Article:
Pembroke: Harvey-Jones goes gladly back to school

SIR JOHN HARVEY-JONES, the industrialist turned media star, will fulfil a lifetime ambition today, by helping to demolish Tormore, his old boarding School in Deal, Kent. 'It's something I always wanted to do when I was there, and now I'm going to take a jack-hammer to it. I hated the place. Now it's gone bust,' he beamed.

The demolition will be televised as part of Troubleshooter Three, the next instalment of the former ICI chairman's management guru series. Scheduled for screening in a year's time, the series is a record of Sir John's life with liberal sprinklings of the great man's views on, well, almost everything.

The wild-tied Sir John has just returned from India, where he spent the first six years of his life before being packed off to the dreaded Tormore. The Indian episode will be interspersed with visits to Indian companies. The second programme, kicking off with the school demolition, will encompass his views on education.

THERE WAS HISTORY in the air at the Park Lane Hotel in London yesterday where Ryman, the stationer, was celebrating its centenary (guest of honour: Sir John Harvey-Jones).

Desmond Ryman, grandson of founder Henry Ryman (above), was the only family member on hand, as the Rymans sold out in 1971. But Mr Ryman's two sons are keeping the name in the trade with the old Ryman office furniture factory near High Wycombe, Buckinghamshire, and a shareholding in Minty, the plush furnishings company.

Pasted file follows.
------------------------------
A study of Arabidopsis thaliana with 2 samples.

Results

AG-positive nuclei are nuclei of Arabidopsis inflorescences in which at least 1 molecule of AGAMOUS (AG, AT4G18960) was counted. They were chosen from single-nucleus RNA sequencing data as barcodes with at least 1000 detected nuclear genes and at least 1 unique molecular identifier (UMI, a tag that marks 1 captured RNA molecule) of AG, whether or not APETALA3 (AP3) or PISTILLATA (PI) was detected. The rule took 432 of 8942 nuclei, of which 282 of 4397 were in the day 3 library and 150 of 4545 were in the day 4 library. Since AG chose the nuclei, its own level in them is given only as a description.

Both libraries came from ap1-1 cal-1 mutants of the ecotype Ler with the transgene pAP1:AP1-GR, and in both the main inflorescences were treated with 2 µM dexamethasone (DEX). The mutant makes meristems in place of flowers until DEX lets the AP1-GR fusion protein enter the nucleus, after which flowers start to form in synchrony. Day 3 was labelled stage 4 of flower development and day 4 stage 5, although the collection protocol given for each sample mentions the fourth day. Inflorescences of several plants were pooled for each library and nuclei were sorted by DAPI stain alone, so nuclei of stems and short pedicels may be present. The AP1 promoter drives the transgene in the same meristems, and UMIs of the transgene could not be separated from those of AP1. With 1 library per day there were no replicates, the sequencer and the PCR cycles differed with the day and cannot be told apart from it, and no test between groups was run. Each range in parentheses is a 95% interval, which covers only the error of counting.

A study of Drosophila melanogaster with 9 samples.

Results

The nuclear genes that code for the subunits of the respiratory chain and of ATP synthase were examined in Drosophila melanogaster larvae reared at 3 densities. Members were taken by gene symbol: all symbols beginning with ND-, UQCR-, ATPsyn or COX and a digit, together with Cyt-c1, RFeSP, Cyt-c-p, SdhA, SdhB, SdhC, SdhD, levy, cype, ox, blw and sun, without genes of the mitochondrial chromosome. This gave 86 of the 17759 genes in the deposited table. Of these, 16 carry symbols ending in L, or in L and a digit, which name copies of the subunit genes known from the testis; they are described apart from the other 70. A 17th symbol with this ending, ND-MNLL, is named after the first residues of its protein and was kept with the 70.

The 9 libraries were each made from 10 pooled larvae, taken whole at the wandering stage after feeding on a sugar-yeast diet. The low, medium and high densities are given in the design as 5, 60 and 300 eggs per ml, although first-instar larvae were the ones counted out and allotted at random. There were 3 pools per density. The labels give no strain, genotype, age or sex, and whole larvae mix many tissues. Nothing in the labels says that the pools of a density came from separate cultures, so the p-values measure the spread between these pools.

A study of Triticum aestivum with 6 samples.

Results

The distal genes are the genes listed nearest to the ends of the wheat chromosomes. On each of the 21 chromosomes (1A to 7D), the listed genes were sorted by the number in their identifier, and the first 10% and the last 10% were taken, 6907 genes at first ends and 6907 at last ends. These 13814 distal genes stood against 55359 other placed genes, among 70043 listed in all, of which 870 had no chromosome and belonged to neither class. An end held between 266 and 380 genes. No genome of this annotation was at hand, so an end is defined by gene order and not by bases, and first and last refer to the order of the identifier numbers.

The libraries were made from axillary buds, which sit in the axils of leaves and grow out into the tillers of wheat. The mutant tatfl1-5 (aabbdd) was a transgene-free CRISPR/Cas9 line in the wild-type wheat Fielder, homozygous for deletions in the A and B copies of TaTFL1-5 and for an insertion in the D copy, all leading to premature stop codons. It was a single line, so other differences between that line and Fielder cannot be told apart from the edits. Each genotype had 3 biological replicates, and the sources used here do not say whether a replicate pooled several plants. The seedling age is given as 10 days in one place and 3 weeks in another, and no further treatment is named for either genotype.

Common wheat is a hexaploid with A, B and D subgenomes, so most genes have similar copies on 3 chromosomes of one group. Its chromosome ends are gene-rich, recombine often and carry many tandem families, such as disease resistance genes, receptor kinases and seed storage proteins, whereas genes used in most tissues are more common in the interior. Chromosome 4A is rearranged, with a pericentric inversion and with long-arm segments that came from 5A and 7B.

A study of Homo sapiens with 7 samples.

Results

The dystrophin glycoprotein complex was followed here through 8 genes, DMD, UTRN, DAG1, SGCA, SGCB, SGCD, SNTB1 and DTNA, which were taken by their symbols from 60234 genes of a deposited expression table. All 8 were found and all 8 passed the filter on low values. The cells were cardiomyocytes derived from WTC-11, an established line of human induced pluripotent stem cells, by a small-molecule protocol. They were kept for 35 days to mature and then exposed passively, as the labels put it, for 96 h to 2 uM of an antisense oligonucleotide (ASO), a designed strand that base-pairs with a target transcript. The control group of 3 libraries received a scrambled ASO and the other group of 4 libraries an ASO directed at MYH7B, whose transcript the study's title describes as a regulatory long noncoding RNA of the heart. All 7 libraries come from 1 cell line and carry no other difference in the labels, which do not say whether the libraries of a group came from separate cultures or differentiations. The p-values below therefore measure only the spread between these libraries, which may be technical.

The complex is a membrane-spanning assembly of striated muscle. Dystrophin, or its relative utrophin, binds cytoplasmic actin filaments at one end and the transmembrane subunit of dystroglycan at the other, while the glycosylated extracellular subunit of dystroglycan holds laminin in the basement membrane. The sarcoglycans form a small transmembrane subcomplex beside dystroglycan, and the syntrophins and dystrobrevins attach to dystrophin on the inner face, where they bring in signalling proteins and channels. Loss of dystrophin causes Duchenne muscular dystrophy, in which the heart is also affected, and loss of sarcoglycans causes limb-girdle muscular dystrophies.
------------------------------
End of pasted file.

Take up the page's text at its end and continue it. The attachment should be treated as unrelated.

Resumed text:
No regrets about selling the family silver? 'Not at all,' says Desmond Ryman. 'I still go into my local Ryman and I think grandfather would be very proud.'

(Photograph omitted)

TRAVELLERS with enough money to buy the luxurious trinkets purveyed by the upmarket jewellers Mappin & Webb, would be better off making the trek to Terminal 3 at Heathrow.

Naim Attallah, chief executive of Asprey, the chain's owner, reveals that this is where the bargains are. The sharper bargaining powers of those passing through the terminal - a large proportion of whom come from Asia, where haggling is normal - means that they pay about 2.5 per cent less than shoppers in the Mappin & Webb outlet in Terminal 4, dominated by European travellers.

Not that Mappin & Webb does anything as vulgar as discounting. It is more a case of giving the store manager that extra bit of discretion.

IS ANDREW THOMAS, chairman and chief executive of Greenalls, about to stop flying the blue flag and hoist up the red one?

As a director of Manchester City, he must be a touch embarrassed about next year's calendar produced by De Vere Hotels, owned by Greenalls. The front cover, with its picture of a beaming Alex Ferguson, manager of Manchester United, is enough to make the most ardent City fan choke. Turn to the pages for March and April and there is Mr Ferguson again, cuddling the Carling Premier League trophy.

An unfortunate own goal by Greenalls, which also owns shares in City.